Motivation and Objectives

The overall goal of this workshop is to arrive at a synthesis of knowledge that will help people who work with intelligent user interfaces to predict and explain how users’ attitudes and behavior toward such systems (a) differ from one user to the next and (b) change over time.

Users often differ considerably in their attitudes and behavior with regard to (particular aspects of) intelligent user interfaces. Moreover, these preferences often change considerably over time.

For example, a part of an innovative intelligent interface may be considered amusing and potentially useful by User A but distracting and obviously useless by User B. At a later time, User A may no longer find the interface amusing, and User B may somehow have found out how to make good use of it after all.

Some of these differences and changes are due simply to the fact that the needs and capabilities of users can differ and change over time. But other factors are at work as well, such as (a) subjective evaluations of the often novel and controversial aspects of IUIs, such as proactivity and human-like system behavior; and (b) aspects of the process of forming preferences and making decisions about IUIs, which may, for example, involve quick heuristic assessments on the basis of limited experience.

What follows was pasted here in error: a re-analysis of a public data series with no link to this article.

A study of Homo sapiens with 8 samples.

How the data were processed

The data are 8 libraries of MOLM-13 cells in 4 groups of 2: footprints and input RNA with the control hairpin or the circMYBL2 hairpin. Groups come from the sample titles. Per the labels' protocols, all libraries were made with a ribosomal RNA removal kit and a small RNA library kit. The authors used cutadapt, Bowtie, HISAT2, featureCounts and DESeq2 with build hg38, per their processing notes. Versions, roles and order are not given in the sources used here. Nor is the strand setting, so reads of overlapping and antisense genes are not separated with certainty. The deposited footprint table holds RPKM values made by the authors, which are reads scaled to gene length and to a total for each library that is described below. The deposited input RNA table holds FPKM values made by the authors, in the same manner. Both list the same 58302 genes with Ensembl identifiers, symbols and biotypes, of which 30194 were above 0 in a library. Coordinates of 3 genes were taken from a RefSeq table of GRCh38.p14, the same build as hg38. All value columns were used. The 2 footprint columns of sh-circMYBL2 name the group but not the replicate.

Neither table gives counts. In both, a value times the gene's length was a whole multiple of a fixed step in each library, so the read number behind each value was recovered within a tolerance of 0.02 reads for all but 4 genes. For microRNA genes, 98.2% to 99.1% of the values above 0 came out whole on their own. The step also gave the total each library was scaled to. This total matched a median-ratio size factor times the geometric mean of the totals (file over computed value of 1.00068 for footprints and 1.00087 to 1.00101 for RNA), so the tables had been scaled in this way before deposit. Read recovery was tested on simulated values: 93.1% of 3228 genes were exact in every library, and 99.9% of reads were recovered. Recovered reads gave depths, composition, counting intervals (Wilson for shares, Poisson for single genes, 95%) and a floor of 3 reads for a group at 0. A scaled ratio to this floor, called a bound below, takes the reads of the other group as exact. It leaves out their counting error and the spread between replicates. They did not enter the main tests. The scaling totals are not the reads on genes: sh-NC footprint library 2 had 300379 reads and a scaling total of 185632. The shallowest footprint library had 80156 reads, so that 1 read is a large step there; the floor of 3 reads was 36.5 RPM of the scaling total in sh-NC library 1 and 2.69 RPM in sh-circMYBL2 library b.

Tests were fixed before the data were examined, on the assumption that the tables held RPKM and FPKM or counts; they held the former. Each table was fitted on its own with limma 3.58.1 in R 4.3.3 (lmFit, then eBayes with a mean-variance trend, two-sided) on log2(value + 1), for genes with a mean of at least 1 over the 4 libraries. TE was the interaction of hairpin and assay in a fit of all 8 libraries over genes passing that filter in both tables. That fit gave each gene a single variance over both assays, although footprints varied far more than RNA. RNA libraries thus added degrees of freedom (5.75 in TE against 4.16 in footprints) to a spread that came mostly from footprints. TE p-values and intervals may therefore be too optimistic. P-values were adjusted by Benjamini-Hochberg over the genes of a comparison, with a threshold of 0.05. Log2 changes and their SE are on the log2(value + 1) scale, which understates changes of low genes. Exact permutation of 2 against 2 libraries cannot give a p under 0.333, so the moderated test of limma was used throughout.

Without an adequate understanding of such factors, designers and evaluators of IUIs are not in a good position to influence or predict how their systems will be used and accepted by a broad range of users over extended periods of time.

In most published research on intelligent user interfaces, these factors have received little attention. Largely for practical reasons, few studies are conducted over a long enough period of time to allow changes in users’ preferences to come to light. And in the usual short-term studies, differences among users in the ways in which they respond to a system are usually mentioned in passing, if at all, with most attention being devoted to average or typical responses.

This workshop is intended to remedy this imbalance by accumulating and interpreting a large case base of examples of differences of this sort that supports the derivation of predictive and explanatory models. The goal of the workshop will be to synthesize the contributions made by individual participants into a coherent picture that can be further developed and used by the participants and by other researchers.